Game Design Game Development Marketing/Business

Which Project Do You Choose Next?

In Another Indie Quandary: Short v. Long, Tim faces the problem a lot of indies face. Do you pick the shorter project in order to make some cash sooner, or do you pick the longer project, the one you really WANT to make, hoping not to go bust in the process?

The short project, if successful, means you are one step closer to being financially independent of employee-dom. Of course, shorter projects are probably short because they aren’t very hard to make, which means anyone could make it and probably has. How successful can the game be? If it becomes successful, how hard would it be for competitors to encroach on your turf?

The longer project would require funding to help keep you alive long enough to finish, which usually means working for The Man for a little while longer. And that’s assuming you finish. Longer projects are notorious for becoming nothing more than tech demos. Tech demos don’t sell, unless you are trying to find a better The Man, but it is probably not why you wanted to make the game in the first place. Still, this project will probably be more enjoyable and, if successful, much more rewarding.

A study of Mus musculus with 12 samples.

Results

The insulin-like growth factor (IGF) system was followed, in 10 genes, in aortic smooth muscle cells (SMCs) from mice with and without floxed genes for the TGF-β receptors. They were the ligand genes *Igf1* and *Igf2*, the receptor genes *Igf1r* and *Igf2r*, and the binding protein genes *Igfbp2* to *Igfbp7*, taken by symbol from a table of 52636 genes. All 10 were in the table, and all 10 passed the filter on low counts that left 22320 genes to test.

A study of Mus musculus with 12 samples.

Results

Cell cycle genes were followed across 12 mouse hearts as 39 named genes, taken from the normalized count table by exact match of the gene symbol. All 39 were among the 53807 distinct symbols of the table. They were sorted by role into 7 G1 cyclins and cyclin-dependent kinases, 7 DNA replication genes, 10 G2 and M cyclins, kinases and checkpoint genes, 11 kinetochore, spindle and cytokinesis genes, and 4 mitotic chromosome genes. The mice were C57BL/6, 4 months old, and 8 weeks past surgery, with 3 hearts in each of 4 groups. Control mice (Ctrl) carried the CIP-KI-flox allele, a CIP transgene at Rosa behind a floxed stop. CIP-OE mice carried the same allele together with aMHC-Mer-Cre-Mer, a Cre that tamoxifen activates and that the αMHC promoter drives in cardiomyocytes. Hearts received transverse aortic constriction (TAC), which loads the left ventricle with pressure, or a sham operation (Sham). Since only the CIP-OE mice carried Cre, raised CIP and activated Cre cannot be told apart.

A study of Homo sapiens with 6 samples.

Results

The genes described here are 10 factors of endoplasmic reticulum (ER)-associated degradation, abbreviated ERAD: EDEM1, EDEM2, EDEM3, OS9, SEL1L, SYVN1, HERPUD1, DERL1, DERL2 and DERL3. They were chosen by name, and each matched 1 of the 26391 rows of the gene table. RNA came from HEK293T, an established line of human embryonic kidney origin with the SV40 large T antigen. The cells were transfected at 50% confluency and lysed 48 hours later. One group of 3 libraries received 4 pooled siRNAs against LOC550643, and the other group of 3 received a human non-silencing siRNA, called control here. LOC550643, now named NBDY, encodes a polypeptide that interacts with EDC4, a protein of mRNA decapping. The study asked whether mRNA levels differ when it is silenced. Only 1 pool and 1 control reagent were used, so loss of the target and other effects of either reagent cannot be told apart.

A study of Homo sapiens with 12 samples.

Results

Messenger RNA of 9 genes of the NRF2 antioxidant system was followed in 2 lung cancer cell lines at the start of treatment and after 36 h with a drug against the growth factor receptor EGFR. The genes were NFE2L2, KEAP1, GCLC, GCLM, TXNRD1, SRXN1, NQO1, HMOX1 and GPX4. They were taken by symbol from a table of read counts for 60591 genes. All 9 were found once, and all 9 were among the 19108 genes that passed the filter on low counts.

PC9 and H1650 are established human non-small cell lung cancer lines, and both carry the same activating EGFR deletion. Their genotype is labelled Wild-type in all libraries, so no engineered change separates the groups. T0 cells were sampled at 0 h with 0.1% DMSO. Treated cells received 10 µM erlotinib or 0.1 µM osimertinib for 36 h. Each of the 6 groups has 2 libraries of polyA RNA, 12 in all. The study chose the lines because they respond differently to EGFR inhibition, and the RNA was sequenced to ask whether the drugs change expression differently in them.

Is it a question of suffering for your art? Being timid vs being bold? What do you do?

7 replies on “Which Project Do You Choose Next?”

You .. could .. do both 🙂

I am currently taking a break for one week from my long project to produce a quick fire arcade shooter – which will hopefully bring in a little money to keep me going on the long project.

I guess the trick is to not get too involved in the little project – turning it into another long one! That could be a nasty downward spiral.

Just because something is a shorter project doesn’t make it trivial to complete. Even after completing the project it still is not done. Yes, I will say the devil word… Marketing!

Do the longets biggest most professional project you think you can do, while at the same time staying motivated for the whole dev process.
I find that to be around 7 months, then I start to lsoe it. Your mileage may vary.
Big, ambitious games dont make 20% more money, they make maybe 500% more money.

Billy: I’ll say. It’s almost a year, and I’m still working on my “one month” project. A three-hour tour….a three-hour tour…

cliffski: That’s an interesting observation. While anyone could make a Pong clone, they aren’t exactly in demand no matter how well-polished. Ambitious projects do tend to become more remarkable than easier ones. After all, there are less of them because not everyone even tries to do them.

Hmmmm … 7 months is about my threshold too. Though my games always take longer than that. The last few months are pure willpower and pride, I guess.

Jay: Would you say that after those last few months you feel that your next project will be a bit less ambitious, or do you feel more confident in taking on a bigger project?